Central States Archaeological Societies
Central States Archaeological Societies


Shaun Patrick Dailey

Central States Archaeological Societies 1999 July Journal
Waukesha, Wisconsin

pieces appear to have been heat treated, and all of them are percussion flaked. The blades were chipped and ground into shape, probably at the quarry site, and brought here for storage, as no chips or flakes are in this field. The buried group covered an area of twenty-four inches by eighteen inches to a depth of twelve inches. The artifacts were buried in sand. The nearest water source is three quarters of a mile away. The chart itself has different colors, ranging from white to gray to bluish-gray with spots and stripes. No other artifacts in this area have been found made from this material. In fact, my Uncle Tim and I found only one other arrowhead in this field.

How old is this cache? Some of the pieces are cruder in workmanship than other caches I have seen. I made an appointment with two local professional archaeologists, David Overstreet and James A Clark, Jr. of the Great Lakes Archaeological Research Center, to see if they could answer that question. From our phone

conversation, I think they were expecting to see a Hopewell cache, but maybe it's not. I was told that it resembles a cache found at the Cummins site, near Lake Superior, near Thunder Bay in Ontario, Canada. The Cummins site has a carbon date from the Paleo time period. I am presently trying to contact the Cummins site archaeologist, Bill Ross, to compare notes. When I receive more information, I will supplement this report.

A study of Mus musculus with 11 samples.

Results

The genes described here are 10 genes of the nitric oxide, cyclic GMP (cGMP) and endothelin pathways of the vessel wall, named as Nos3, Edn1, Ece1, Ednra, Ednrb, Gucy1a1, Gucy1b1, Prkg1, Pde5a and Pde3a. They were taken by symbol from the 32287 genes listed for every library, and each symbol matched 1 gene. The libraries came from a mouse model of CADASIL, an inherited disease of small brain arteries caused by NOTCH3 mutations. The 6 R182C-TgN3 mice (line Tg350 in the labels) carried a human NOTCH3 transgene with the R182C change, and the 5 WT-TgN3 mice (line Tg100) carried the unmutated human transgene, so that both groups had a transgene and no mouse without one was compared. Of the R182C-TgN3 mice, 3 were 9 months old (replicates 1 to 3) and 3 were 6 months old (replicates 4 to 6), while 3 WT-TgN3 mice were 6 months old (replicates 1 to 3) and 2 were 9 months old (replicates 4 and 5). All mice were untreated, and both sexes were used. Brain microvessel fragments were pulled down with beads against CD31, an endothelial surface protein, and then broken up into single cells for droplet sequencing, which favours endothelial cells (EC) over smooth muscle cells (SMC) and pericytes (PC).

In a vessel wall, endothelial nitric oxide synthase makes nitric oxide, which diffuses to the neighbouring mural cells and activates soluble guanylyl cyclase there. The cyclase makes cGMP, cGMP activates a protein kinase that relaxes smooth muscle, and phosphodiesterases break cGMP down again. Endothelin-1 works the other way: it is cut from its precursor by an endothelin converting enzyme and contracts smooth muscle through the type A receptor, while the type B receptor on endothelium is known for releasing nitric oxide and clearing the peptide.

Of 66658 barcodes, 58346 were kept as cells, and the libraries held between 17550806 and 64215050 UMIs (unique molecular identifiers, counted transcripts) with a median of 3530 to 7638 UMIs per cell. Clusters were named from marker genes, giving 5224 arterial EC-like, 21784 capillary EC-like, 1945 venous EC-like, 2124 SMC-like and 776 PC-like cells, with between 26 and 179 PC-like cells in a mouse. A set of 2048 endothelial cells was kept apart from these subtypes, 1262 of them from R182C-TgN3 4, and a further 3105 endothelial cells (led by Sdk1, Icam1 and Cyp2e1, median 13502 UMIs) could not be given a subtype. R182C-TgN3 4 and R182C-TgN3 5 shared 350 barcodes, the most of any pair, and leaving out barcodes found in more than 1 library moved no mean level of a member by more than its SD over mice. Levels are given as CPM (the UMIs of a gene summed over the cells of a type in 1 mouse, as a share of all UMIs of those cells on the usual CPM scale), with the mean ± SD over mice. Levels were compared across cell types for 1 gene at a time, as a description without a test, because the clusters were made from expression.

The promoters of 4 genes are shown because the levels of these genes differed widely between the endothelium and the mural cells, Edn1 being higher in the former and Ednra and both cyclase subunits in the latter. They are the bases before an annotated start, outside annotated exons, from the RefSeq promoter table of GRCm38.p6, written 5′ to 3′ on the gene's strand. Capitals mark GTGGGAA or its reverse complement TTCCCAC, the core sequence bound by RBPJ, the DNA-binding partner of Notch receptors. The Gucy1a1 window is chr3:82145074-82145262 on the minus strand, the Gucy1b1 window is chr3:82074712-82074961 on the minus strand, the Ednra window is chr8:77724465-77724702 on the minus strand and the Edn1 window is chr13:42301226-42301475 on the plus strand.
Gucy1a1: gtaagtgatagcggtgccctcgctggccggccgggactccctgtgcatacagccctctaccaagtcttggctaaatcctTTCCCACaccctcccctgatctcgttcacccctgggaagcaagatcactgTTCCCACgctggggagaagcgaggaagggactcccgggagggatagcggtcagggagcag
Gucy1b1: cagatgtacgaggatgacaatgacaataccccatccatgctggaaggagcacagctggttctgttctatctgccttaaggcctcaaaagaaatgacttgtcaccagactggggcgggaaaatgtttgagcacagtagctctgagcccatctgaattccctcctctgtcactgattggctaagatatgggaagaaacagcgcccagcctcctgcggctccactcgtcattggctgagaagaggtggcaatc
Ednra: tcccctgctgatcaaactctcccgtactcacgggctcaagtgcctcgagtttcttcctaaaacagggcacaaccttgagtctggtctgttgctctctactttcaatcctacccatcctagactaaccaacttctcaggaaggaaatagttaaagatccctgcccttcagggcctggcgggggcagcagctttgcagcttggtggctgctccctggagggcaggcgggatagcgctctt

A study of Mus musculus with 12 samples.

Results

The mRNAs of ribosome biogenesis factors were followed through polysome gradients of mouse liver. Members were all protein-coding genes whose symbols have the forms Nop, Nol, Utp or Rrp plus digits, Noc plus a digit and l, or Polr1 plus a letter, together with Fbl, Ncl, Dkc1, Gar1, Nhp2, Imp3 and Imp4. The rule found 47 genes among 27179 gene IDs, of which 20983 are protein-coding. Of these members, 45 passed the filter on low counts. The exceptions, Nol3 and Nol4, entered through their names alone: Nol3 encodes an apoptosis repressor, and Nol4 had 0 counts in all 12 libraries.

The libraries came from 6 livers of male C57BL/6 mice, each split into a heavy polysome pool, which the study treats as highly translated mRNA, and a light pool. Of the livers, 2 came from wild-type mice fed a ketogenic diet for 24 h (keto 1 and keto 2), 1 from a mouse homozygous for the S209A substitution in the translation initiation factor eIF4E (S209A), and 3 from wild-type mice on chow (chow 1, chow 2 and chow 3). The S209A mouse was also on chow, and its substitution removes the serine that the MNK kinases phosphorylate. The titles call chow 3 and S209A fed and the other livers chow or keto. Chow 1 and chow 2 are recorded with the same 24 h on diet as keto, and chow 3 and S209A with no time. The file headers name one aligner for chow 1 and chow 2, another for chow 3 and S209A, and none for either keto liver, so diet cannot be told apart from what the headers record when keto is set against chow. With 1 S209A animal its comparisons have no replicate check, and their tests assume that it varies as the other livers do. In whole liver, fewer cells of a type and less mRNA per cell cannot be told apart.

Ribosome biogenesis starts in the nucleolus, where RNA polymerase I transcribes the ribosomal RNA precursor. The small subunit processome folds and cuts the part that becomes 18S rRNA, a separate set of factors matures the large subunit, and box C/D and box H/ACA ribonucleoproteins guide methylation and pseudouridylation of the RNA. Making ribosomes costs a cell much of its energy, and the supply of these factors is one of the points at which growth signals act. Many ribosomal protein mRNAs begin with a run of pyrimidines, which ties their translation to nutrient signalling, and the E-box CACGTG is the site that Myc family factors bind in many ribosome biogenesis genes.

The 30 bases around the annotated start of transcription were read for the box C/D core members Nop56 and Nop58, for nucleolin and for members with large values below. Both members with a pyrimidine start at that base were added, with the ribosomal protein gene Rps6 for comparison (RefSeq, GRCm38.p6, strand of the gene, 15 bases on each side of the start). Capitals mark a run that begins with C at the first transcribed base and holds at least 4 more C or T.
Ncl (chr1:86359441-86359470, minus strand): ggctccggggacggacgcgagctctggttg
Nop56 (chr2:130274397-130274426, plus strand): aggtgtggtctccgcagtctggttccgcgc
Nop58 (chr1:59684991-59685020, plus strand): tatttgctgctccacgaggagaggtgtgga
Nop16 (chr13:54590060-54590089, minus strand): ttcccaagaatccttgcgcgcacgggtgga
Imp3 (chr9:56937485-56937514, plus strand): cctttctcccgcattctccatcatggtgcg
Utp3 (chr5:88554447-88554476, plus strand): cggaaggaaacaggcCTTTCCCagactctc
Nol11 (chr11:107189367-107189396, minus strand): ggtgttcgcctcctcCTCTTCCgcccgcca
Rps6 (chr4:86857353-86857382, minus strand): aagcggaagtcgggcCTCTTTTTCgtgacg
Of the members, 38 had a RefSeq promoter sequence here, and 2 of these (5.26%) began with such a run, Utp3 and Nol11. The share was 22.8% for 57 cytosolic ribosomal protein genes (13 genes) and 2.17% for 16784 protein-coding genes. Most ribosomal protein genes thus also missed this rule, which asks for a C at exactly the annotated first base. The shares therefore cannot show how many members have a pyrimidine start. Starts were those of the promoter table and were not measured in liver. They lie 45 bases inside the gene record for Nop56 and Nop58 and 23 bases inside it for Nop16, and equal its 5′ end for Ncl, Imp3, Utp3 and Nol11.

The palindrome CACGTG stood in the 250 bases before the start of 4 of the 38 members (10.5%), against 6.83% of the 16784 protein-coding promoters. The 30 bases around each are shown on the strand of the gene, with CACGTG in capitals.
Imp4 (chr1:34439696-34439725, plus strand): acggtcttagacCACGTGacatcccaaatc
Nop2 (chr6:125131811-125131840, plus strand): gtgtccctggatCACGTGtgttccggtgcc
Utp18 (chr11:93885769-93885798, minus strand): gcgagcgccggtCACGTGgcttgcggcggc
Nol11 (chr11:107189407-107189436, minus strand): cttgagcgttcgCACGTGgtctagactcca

I would like to thank Richard and Jim Grybush, who helped to identify the material and its origin. Richard and Jim support Overstreet and Clark theories of a Paleo cache. I am also grateful to my friend Jeff Johnson, for the use of his camera equipment to help record my find and also my mother, Leanlle Lent, who typed, edited, and reedited this article. This article is named for and dedicated to my grandmother Marilyn Lent.